Why a C-Store Rack Jobber is Like a TV Showrunner

By Naomi Balagot


Think of rack jobbers as the showrunners of the convenience store industry. A c-store rack jobber is a specialty distributor who rents space in a convenience store to sell products. A jobber might also work for an independent manufacturer who is launching a new product. The jobber is involved in each step of the process from bringing the product from a manufacturer’s warehouse to displaying it in retail.

The rack jobber is an effective communicator who has valuable industry connections. It’s a jobber’s responsibility to expose the product to as many customers as possible, while also ensuring that the store shares in the profit.

Typically, rack jobbers own the merchandise and buy at 40 percent to 45 percent of retail. They raise their purchase price 50 percent to 75 percent, and then the stores mark the product up an additional 50 percent, according to Mr. Checkout Distributors, a national organization of direct store delivery wagon-jobbers, distributors, retail merchandisers and wholesale-to-distributor warehouses servicing convenience and grocery stores.

See Also: 3 Lessons From Managing Partner and Vendor Relationships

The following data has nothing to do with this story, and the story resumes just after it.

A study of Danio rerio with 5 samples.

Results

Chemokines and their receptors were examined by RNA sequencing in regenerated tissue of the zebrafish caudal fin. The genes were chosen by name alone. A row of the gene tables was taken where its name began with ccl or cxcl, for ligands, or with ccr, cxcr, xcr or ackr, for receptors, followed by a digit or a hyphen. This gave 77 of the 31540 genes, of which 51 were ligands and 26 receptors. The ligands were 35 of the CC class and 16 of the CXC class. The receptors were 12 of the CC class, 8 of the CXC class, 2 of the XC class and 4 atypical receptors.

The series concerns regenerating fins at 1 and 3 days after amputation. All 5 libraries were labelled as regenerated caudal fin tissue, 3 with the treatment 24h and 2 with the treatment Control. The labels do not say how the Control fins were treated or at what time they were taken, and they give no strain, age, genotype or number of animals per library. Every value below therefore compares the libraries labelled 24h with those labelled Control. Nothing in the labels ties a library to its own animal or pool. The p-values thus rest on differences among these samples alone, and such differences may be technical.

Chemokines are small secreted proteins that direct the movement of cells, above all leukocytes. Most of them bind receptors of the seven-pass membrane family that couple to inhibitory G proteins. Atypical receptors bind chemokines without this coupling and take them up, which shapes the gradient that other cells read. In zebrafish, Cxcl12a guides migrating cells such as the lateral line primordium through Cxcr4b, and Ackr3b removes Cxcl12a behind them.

While the jobber usually sets up the product display racks, sometimes a store will provide shelf space if it’s available.

A rack jobber has a number of responsibilities. Essentially, they can be divided into two segments: before product launch and after the product launch.

Before the product launch, the c-store rack jobber is responsible for:

  1. Conducting research to try to predict if the store’s regular customers will be interested in buying a certain product.
  2. Determining what items to stock and in what quantity.
  3. Negotiating contract terms and working with the store owner or manager on product placement.

Of course, just getting a foot in the door of a retailer – especially a retail chain – is half the battle. The rack jobbers’ responsibilities are just beginning. Now, it’s show time!

After the product launch, the c-store rack jobber is responsible for:

  1. Visiting the stores regularly to check in on inventory.
  2. Creating new displays and restocking items.
  3. Keeping careful inventory and sales records to determine how to adjust the price in order to make a profit.

The role of a rack jobber requires a lot of documentation and self-auditing, especially since rack jobbers are only paid for the merchandise when it is sold by the store. Communicating changing store conditions is imperative to the success of all parties: the rack jobber, the store manager, and the manufacturer.

A TV showrunner has two roles — literally running the show to the studio and running the show from behind the scenes. Similarly, the role of the rack jobber doesn’t end once the product reaches the shelf; it’s only just beginning.